Too often banks have an inside-out mindset. They focus on the products that they can build – generally ones that will be the most profitable – then push them out to customers. What banks should be doing is reversing this to an outside-in mindset. This begins with thinking about the customer, what kinds of products and services they want, and building a seamless experience for them.
In the past banks have not thought too hard about providing the best possible customer experience. With low levels of churn, they could get away with this, as customers knew that signing up for an account with a different bank would be such a hassle. However, times have changed. There are more choices for customers than ever – new digital challengers have emerged, with cutting edge technology and slick, personalised user experience. Also, customers are now used to a world where they can watch whatever movie or TV show they want at the touch of a button, where they can get a taxi to pick them up within minutes no matter where they are – all through their smartphones. Banks that don’t offer the same levels of digital convenience are in danger of becoming yesterday’s news.
The first impression that a customer gets of a bank is when they sign up. If this onboarding process is difficult then they are highly likely to abandon the application before they finish it, and the bank will have probably lost this customer for good. If the bank makes the process easy and efficient, the customer will hold the bank in high regard.
There is additional pressure for banks to do a better job with digital services with the introduction of PSD2 regulations, which will come into force in January 2018. Banks will have to open up customer data to third parties, meaning other banks and fintech startups could come along and steal customers away.
While most retail banks now have basic mobile apps for their customers, they often bear no resemblance to the online banking service that the customer uses on their computer, or the service they receive when they speak to telephone operators and in branch. The result is a confusing mess that is inconvenient for the customer and inefficient for the bank.
Banks need to ensure they offer a consistent service to their customers, no matter what touchpoint the customer uses. To achieve this, they need to find a way to unify their digital services, enabling better cohesion between all departments and putting customers at the centre of their thinking. This begins at the onboarding process, with the creation of a standardised procedure no matter what device – or combination of devices, as they may start the process on their smartphone and finish it on their computer – a customer is using. The same steps should be replicated across all devices, in order to make the overall process simpler for the customer and more efficient for the bank.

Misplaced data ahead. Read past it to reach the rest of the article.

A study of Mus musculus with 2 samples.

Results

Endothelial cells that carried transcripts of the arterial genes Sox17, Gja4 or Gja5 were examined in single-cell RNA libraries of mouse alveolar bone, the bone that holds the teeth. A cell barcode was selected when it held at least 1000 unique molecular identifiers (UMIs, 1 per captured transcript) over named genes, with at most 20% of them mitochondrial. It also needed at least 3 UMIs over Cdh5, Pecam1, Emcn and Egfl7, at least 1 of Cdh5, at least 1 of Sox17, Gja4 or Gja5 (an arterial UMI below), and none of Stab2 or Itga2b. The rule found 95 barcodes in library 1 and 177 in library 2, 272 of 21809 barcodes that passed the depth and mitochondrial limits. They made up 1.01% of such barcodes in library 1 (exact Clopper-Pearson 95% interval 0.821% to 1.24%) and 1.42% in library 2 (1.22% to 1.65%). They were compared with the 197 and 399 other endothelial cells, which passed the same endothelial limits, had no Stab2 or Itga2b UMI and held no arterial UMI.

By adopting this omni-channel, customer-centric approach, the bank is able to easily help a potential customer who is having difficulties with the process no matter what device they are using and which stage they are at. It can also alert the bank to where the bottlenecks and drop-off points are in the onboarding process so they can fix them.
As well as the onboarding process, all of the services that a bank offers need to be based on the same logic, offering anyone – customer or bank employee – the same journey regardless of the device or platform they are using. With these digital building blocks, they can ensure that they have a template to build any future services around so they will work seamlessly with all of their existing services.
In order for banks to become truly omni-channel they need to undertake a digital transformation that underpins all of their services. Digital transformation requires more than just investment – it needs a whole new strategy. Banks need to follow the outside-in example, borrowing from the ‘agile’ principle adopted by many tech startups, where small, multi-disciplinary squads are formed, banks need to re-platform all of their services in order to make them all coherent. This will benefit the customer and create efficiencies for the bank in the long term, even if it does mean some short-term pain.